The next time you ask for information from the government and they respond by asking you why you want it, tell them it’s none of their damn business.
There’s nothing in the state Freedom of Information Law that in any way compels a citizen to reveal the reason for seeking public information.
The release of public information is a straight factual transaction. And the mere act of asking for a reason is an act of intimidation.
An example of that happened in Gloversville last week, when Brandon Rowback, the son of mayoral candidate Bill Rowback, sought emails exchanges between Mayor Dayton King and City Clerk Jennifer Mazure. He also sought the mayor’s financial disclosure forms, mileage reports and other information.
When Brandon Rowback approached the council, the mayor — who faces a primary challenge from the elder Rowback — specifically asked him what he wanted the information for and offered to answer any questions Brandon might have as an alternative to providing the documents.
The mayor’s line of questioning was inappropriate and undeserving of a response.
Any kind of request or demand for justification by a government official puts the citizen seeking the records in the position of defending his request, perhaps intimidating him into withdrawing it or modifying it.
Here’s the rule: If a government body maintains the record and if it doesn’t fall under the reasons why a government may legally deny access to a record, they have to give it to you.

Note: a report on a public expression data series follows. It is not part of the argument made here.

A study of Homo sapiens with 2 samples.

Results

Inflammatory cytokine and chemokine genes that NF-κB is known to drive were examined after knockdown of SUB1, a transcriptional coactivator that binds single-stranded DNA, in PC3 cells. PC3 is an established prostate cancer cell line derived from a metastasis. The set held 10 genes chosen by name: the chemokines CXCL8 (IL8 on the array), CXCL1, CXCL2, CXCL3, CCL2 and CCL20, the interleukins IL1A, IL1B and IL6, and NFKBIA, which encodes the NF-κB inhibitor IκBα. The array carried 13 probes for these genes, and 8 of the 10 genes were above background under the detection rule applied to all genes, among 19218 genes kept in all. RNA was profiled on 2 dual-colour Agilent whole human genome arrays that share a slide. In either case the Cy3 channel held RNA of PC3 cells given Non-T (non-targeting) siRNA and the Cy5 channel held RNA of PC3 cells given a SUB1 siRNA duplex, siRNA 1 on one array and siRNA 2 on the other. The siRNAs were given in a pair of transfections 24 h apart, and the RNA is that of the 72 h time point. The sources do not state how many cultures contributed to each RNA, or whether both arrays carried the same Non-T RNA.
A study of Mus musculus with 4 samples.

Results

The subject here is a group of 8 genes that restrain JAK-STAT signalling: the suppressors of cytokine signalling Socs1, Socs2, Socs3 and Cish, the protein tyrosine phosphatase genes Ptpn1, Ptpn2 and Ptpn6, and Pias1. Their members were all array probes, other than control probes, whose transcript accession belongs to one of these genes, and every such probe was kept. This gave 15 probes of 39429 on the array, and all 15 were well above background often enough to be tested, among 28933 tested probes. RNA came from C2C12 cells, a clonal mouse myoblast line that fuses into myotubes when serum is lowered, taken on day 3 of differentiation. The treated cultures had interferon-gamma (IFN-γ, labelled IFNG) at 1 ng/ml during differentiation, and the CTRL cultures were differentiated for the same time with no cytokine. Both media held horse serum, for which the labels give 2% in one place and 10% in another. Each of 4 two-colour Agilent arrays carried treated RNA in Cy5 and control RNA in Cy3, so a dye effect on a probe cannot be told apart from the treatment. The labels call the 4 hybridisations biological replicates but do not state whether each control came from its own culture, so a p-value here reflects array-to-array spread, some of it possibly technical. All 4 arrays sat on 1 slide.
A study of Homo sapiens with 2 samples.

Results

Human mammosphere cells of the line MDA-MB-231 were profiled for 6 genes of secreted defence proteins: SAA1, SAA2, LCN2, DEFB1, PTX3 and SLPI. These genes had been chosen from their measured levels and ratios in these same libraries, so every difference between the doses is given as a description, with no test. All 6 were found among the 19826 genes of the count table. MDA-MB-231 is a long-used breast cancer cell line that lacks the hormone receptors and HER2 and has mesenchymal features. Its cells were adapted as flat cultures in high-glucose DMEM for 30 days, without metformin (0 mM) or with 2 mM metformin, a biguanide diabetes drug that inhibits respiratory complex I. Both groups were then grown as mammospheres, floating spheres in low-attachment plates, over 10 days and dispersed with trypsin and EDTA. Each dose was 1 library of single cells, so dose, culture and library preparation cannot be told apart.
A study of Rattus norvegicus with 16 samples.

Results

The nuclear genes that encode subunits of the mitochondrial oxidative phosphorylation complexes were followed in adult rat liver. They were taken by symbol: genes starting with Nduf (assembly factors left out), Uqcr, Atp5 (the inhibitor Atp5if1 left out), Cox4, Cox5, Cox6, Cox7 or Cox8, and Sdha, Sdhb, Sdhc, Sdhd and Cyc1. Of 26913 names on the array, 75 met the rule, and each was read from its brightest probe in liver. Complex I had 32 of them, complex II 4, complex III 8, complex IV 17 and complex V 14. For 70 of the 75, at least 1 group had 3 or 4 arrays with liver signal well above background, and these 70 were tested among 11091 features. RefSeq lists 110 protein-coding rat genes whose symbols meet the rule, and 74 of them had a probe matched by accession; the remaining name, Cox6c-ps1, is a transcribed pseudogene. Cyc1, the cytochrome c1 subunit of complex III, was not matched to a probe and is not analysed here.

There’s nothing in the law that allows a government body to deny a record because officials don’t want to you to have it or because it might embarrass the government entity or an individual associated with it. There’s also nothing in there that says a citizen has to accept an official’s verbal explanation instead.
If you want to build a case against the government body, gather information for a political campaign, do research, or even if you just need something to line the bottom of a bird cage, that’s your business, not the government’s.
And while governments can take a reasonable time to assemble and prepare records for disclosure, they can’t delay the release indefinitely as a way to effectively deny access. All the rules for the release of information are spelled out in the law for all to read.
As long as you’re legally entitled to a record, pay the requisite fees for copying and other tasks as determined under the law, they have to hand over the documents — no questions asked.
If they ask for a reason, they’ve crossed the line.
It’s your right to know what your government is doing. It’s not their right to know why you want to know.